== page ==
For small-to-medium businesses in particular, cashflow is one of the most important elements of business financial health. In fact, inadequate cashflow is one of the major causes of business failure.

So, what is cashflow? And how can you calculate, plan and manage it to your business’ financial advantage?

Cashflow measures the net amount of money going in and out of a business over a set period of time. It also shows the financial health of a business by helping you to understand your ‘liquid cash’ position and helps you predict how much cash you can expect to have available at any given point when used for forecasting.

Managing your cashflow is essential for planning ahead. You’ll be in a much stronger financial position if you understand how much cash you need, where it’s coming from and how long it takes to get it. 

Here are some steps to help you with your cashflow management:

1. Understand Your Working Capital Requirements 

Understand the amount of working capital your business needs to keep running. You’ll want to consider how much inventory you need to hold, what payments are due and when, and the length of time it takes to cycle from cash out to suppliers to cash in from customers.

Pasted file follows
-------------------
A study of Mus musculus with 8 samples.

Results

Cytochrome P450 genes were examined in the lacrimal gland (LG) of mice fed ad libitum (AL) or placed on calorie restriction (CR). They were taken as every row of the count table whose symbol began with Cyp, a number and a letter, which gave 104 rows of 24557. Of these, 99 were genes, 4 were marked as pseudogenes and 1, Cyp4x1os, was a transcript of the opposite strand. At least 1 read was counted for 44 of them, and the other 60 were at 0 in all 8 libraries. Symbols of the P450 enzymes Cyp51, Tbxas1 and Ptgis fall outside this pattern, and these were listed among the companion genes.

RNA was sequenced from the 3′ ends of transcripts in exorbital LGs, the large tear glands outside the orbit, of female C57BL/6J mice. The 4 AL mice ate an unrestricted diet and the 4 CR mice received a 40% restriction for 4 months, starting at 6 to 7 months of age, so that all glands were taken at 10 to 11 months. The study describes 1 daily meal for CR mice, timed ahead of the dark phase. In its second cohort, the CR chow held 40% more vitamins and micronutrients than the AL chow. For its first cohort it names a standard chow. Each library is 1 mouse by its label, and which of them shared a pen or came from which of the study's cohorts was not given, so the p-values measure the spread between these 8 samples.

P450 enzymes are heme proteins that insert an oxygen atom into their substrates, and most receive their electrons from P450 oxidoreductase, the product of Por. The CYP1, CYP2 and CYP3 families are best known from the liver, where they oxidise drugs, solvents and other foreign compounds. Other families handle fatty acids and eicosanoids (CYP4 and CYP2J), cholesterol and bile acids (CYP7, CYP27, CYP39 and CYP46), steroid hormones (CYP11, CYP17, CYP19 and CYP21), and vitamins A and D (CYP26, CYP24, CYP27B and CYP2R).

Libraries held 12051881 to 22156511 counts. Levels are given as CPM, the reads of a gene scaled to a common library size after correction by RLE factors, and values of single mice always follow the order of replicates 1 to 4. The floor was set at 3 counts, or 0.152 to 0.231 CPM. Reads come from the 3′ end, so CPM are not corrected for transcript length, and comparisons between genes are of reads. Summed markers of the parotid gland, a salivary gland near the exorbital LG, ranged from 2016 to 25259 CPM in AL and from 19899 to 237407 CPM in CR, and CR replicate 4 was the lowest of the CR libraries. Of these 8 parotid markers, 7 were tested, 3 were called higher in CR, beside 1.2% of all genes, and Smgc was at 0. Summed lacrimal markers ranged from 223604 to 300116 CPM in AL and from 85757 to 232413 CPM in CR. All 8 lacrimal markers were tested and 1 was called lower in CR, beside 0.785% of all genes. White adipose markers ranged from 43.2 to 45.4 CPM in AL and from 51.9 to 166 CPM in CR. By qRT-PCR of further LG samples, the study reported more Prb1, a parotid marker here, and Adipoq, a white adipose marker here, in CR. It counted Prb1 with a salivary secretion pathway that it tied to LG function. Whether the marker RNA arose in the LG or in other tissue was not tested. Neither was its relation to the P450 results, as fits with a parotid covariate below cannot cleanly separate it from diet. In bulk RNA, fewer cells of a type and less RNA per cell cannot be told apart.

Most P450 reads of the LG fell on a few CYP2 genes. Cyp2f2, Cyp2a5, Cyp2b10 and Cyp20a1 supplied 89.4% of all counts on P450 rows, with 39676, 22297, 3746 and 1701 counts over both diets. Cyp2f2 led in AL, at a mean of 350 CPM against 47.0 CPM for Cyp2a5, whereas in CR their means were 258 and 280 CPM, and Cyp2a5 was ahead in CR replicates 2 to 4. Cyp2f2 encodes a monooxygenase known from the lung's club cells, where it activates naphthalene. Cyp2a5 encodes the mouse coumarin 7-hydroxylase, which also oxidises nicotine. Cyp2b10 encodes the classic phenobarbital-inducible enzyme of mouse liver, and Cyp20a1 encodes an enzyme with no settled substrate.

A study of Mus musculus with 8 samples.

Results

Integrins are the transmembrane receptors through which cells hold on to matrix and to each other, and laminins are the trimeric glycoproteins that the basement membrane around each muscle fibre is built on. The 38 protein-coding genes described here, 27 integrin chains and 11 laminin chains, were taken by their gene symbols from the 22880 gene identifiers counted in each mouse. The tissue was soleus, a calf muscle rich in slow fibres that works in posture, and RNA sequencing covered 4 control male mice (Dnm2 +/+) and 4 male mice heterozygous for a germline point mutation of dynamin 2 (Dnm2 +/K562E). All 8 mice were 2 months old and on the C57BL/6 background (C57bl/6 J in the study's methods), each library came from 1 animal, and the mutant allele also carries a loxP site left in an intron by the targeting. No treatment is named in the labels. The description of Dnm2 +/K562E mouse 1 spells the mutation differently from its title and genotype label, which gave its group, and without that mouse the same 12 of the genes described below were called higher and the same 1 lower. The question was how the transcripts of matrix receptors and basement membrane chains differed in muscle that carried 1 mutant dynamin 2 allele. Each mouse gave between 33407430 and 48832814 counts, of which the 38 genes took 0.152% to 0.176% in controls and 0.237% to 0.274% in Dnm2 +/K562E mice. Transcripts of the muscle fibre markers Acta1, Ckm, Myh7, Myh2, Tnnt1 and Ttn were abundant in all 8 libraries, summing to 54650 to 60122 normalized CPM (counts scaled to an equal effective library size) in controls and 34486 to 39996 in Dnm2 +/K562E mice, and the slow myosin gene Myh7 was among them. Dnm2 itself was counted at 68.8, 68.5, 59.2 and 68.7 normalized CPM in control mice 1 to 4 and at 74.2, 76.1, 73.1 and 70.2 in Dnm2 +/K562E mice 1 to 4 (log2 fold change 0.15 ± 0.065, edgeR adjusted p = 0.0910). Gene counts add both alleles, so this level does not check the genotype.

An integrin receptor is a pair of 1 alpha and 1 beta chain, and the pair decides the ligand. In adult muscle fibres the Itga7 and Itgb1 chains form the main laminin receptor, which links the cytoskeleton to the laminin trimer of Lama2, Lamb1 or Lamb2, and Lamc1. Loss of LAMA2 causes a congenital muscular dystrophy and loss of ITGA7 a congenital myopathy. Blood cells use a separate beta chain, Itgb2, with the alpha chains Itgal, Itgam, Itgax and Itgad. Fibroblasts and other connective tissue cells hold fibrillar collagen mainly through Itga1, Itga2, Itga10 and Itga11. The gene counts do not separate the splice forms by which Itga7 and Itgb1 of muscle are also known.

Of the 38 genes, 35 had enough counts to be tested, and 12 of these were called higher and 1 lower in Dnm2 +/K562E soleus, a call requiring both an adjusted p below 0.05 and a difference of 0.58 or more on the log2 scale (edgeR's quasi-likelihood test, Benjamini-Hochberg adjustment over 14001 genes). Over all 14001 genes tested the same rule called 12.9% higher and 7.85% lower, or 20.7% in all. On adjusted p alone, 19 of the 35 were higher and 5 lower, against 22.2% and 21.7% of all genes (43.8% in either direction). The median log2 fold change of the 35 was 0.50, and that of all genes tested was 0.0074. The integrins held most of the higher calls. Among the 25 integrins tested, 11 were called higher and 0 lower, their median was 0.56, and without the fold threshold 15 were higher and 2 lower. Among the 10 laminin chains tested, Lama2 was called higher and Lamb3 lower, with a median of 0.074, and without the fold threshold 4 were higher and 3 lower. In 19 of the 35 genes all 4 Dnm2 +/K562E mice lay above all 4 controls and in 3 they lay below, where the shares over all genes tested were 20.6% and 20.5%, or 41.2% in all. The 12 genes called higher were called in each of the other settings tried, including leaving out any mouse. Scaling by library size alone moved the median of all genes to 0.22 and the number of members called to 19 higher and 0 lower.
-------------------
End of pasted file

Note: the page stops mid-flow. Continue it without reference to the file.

2. Establish Your Working Capital Needs and a Buffer 

Make sure your business has enough cash in the bank to meet your working capital needs. You’ll also want to ensure you have a buffer – either business savings, personal funds, overdraft or a revolving credit facility to fall back on in the event of a rainy day.

3. Plan Ahead 

The unexpected will always happen, and it’s never a good thing to find out that you can’t survive when it does. Plan ahead by preparing cashflow forecasts for the upcoming year as well as a month-by-month basis.

4. Review Your Systems 

Review your systems to ensure that you’re invoicing your customers regularly, and that you’re consistently updating how much is owed to you and how much you owe. Always review incoming invoices as well to ensure charges are accurate.

Your accounting invoicing software keeps track of outstanding payments and sends automatic reminders when invoices are overdue. Income is updated automatically when paid, so you always know where you stand. 

5. Speed Up Your Cash Conversion Cycle

A cash conversion cycle measures the time span between disbursing and collecting cash. You can speed up this timeframe by asking for a deposit, putting customers on retainer or requesting monthly payment. You could also cut back your inventory levels or negotiate shorter delivery cycles or longer payment terms with your suppliers.

6. Make it Easy for Customers to Pay You

Always give your bank account details on your invoices, accept EFTPOS and credit cards, and set up a PayPal account. The easier you are to pay, the quicker you can receive funds and the better your cashflow position will be.